Central government's move to allow e-sales of medicines is being opposed by the Druggists and Chemists Associations in Andhra Pradesh and Telangana. They opined that drugs and medicines are not commodities like electronics.
Medicines that come under Schedule H and H1 are to be sold strictly with doctor's prescription only. But if online sales of these medicines are allowed, there are possibilities that the Drugs and Cosmetics Act, 1940 may be violated as there are no foolproof mechanism available to prove the authenticity of doctor's prescriptions sent online by the consumer.
There are concerns in regard to supervision and inspection of the online drug stores, safety and quality of drugs delivered and in case there are any adverse drug reactions whom should the patient approach, etc. There are also possibilities that people may become addicted to habit formation medicines like sleeping pills and pain killers. If these are sold online then there will be no control on such users and it will prove fatal to the society in the long run.
The Druggists And Chemists Association in AP and TS also fear that allowing e-pharmacies will ruin the business of retail pharmacists in the country and leave almost one crore people jobless who are directly or indirectly surviving on it.
"We are vehemently opposing the government's move to allow online sales of drugs. As a mark of our protests, all the druggists and chemists associations across the country organized complete shutdown of medical shops on October 14 and received full support. Overall we are expecting that the government will heed our concerns and shun away from its plans to allow e-sales of medicines," said Jagadeesh, executive committee member and former vice president of All India Chemists and Druggists Association (AICDA).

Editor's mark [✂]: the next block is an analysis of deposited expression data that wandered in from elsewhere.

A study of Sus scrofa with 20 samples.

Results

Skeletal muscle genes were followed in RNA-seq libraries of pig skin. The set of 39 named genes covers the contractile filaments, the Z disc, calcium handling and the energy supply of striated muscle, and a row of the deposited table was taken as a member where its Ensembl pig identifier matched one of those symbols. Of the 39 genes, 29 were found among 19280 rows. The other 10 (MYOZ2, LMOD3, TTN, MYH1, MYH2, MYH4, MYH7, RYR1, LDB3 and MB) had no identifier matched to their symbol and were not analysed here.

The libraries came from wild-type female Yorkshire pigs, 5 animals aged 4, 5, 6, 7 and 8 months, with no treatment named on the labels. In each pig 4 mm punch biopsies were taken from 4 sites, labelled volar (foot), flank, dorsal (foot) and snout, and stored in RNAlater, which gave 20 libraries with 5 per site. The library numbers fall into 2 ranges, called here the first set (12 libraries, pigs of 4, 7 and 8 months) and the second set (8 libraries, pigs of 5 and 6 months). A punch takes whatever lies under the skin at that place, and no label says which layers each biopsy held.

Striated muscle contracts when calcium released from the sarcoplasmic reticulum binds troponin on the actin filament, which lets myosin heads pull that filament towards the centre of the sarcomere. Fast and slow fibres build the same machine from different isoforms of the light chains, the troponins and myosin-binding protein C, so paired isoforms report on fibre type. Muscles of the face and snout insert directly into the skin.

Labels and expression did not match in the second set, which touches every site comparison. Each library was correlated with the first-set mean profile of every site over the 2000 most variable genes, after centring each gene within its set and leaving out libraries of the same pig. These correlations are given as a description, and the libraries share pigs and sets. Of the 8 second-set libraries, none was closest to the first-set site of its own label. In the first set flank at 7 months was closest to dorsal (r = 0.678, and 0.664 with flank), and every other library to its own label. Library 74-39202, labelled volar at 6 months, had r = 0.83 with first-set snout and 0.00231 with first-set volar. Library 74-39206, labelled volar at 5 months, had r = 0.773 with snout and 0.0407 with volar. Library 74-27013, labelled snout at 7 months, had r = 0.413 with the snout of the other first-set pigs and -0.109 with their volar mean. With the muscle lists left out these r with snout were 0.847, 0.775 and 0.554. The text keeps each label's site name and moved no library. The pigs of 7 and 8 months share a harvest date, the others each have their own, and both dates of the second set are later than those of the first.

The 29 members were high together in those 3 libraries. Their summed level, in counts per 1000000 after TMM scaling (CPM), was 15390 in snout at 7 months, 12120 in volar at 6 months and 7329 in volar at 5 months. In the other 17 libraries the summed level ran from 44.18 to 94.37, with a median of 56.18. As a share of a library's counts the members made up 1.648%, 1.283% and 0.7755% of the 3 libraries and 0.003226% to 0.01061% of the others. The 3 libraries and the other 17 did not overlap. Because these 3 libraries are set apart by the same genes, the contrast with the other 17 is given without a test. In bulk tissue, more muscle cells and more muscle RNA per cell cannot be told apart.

According to the chemists and druggists association experts, if e-sales of drugs and medicines is allowed, the country and the society on the whole will be at a loss. As the drugs and medicines are highly regulated commodities and need constant supervision for their quality and safety, it is tough for the government to regulate and monitor its use in the villages and remote areas.
"The chemists and physician relation is vital in delivering right kind of medicines to the right patient. In case of drug reactions and any other untoward events the patient can approach the nearest doctor or chemists for remedies, but if the medicines are delivered online, where the patient goes and whom will he approach for remedies," opined a chemist.